When Alison and Peter Smithson designed the put-away-house in the 1990’s they were elaborating on an idea, they first put forward in 1958 in an article called “the future of furniture”. Convinced that the overabundance of consumer goods would soon become oppressive, they designed a house with an elaborate backstage: “The heart of the plan is a large-item store, with access directly from outside, available to every room without passing through another room.” They may have anticipated the rise of commodity culture, but they were misguided about its nature. Glut did not represent a burden for the first generation that was able to accumulate a myriad of products. For them, it was the very image of freedom.
Architects were never any good at anticipating changes in the way we live. Excessive and therefore unforgettable architecture always resulted from an end-game. The buildings we call revolutionary are often the final and most revealing examples of a way of life about to disappear. When the Smithsons finally presented a plan for the house in which we were meant to brave the commodified world, it was remarkably conventional, aiming for privacy, comfort, and independence as does any family home since the nineteenth century.
Something has changed however in the lives of the people Alison and Peter Smithson were addressing, a generation often referred to as babyboomers. Their children have left home and many are moving to smaller dwellings, bringing along all the things that have accompanied them throughout their lives. For one such couple, Eagles of Architecture built a house unlike any other.
At the start, there was a house, so conventional it could have been a textbook example, designed to normalize family relations within the home, a setup the owners had no use for anymore. What followed can hardly be described as a refurbishment. The house was emptied out until only the outer walls and the roof was left, and a new house was built on the inside, brave and cartoonlike. A stair spirals a single column that stands off-center in a space no bigger than 7,40 by 5,60 meter. This column is surrounded by a whirling world of cupboards.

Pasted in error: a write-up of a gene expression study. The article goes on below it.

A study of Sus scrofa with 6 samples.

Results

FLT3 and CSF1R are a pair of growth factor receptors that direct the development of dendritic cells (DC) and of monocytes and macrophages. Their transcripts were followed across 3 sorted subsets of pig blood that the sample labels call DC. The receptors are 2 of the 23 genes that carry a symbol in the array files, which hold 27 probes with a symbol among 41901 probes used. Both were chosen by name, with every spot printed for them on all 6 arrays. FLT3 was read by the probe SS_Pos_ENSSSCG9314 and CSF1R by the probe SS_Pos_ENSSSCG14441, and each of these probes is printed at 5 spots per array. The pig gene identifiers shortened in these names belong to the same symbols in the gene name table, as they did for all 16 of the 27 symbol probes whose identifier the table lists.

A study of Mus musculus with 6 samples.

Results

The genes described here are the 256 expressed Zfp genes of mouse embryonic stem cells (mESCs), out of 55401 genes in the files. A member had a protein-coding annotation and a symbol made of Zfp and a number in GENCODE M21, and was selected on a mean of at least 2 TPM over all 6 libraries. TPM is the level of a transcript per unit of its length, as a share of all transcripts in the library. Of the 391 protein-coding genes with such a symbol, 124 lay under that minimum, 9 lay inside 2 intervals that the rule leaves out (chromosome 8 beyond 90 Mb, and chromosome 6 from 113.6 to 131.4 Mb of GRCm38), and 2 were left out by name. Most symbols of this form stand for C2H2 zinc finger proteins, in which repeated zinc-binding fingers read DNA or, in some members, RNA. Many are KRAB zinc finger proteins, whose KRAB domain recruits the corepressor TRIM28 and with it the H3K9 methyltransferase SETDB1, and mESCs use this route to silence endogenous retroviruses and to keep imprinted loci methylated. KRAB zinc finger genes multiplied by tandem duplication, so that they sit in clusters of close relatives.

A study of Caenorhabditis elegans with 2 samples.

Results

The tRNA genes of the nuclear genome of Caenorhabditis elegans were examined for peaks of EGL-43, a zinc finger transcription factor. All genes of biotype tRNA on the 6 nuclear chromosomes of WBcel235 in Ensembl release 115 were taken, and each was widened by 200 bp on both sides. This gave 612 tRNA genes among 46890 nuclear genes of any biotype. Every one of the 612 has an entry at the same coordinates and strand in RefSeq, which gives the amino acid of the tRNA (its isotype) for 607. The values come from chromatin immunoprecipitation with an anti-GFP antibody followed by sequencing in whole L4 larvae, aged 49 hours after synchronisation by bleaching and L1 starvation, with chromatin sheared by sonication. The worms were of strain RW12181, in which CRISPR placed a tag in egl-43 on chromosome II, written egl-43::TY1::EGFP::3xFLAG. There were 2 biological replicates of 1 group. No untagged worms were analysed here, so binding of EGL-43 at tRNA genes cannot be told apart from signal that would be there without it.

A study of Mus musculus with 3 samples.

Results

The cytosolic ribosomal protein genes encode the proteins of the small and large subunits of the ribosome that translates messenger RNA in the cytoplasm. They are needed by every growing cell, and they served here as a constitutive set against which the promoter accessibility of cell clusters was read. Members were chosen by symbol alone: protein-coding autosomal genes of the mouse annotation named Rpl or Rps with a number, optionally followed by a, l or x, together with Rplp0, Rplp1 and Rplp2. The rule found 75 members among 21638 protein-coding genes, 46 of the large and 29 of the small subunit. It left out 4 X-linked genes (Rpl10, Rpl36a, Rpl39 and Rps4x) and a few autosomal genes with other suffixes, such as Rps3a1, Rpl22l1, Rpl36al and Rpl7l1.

The effect is not unlike the ever-increasing number of brooms circling around the poor sorcerer’s apprentice in Walt Disney’s Mickey Mouses movie from 1940. After first having enchanted the broom to help him fetch water, the apprentice is unable to stop the broom from performing this task over and over again. By splitting the broom with an ax, it is not eliminated but multiplied, and the workshop soon floods. The cupboards are not backstage, like those in the put-away-house, they are center stage. They make up the house without organizing or dividing it.
All Mickey Mouse films are founded on the motif of leaving home in order to learn what fear is, Walter Benjamin wrote in 1931. The house Eagles of Architecture built in Dendermonde leaves behind the social construct of a home as their inhabitants face the fears and fearlessness of a generation that braved the world of commodity culture.